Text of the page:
Scientists from America’s Michigan State University found a direct link between abuse of pregnant women and emotional and behavioural trauma symptoms present in their subsequent babies in the first year of life.
The study of 182 mothers aged 18-34 found a strong relationship between a mother’s prenatal abuse by a male partner and post-natal trauma symptoms in her child.
Co-author professor of psychology Alytia Levendosky said symptoms included nightmares, startling easily, being bothered by loud noises and bright lights, avoiding physical contact and having trouble experiencing enjoyment.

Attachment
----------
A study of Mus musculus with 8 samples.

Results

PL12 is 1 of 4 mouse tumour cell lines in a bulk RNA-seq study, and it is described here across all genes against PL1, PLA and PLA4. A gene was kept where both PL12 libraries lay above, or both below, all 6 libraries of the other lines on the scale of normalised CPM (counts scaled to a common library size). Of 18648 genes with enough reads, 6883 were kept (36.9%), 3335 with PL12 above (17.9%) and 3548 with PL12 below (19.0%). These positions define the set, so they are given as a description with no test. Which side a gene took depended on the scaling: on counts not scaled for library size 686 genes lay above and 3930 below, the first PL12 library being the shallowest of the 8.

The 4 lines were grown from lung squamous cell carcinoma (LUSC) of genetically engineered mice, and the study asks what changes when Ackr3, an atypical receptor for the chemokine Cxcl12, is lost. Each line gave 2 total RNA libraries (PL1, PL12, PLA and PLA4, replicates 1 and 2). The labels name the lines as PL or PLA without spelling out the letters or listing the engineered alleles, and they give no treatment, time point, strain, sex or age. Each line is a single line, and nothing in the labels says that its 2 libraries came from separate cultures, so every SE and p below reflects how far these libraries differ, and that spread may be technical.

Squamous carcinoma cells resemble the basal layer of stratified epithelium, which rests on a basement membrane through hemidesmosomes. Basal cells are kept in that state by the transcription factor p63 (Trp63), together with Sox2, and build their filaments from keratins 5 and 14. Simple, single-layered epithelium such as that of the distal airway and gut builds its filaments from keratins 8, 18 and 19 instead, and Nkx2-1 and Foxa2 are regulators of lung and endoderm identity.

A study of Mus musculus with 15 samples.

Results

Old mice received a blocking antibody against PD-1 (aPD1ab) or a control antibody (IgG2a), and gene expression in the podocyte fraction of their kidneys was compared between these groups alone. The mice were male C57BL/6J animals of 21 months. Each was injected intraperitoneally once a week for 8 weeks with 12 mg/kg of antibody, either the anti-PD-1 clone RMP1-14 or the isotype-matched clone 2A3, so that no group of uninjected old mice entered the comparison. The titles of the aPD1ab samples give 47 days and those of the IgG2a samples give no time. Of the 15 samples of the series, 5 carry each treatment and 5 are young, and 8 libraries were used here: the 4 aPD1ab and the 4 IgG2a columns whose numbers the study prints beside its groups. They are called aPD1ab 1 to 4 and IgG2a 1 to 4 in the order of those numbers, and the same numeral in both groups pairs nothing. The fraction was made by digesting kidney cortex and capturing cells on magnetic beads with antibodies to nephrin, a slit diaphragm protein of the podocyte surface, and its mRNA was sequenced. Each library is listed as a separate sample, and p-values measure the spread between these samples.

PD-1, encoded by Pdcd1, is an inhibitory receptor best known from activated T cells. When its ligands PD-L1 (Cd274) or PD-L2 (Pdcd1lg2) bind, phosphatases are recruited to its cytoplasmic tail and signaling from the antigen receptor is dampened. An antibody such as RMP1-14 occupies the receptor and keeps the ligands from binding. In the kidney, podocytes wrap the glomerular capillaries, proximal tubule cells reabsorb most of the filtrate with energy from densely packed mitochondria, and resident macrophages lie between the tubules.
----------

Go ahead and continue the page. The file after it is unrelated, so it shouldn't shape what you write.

“For clinicians and mothers, knowing that the prenatal experience of their domestic violence can directly harm their babies may be a powerful motivator to help moms (sic) get out of these abusive situations,” Prof Levendosky said.
Prenatal abuse could cause changes in the mother’s stress response systems, increasing
her levels of the stress hormone cortisol, which in turn could increase cortisol levels in the foetus.
“Cortisol is a neurotoxic, so it has damaging effects on the brain when elevated to excessive levels,” Prof Levendosky said.
“That might explain the emotional problems for the baby after birth.”
Prof Levendosky said many domestic violence survivors didn’t believe the abuse would affect their child until the child was old enough to understand what was going on.
“But I think these findings send a strong message that the violence is affecting the baby even before the baby is born.”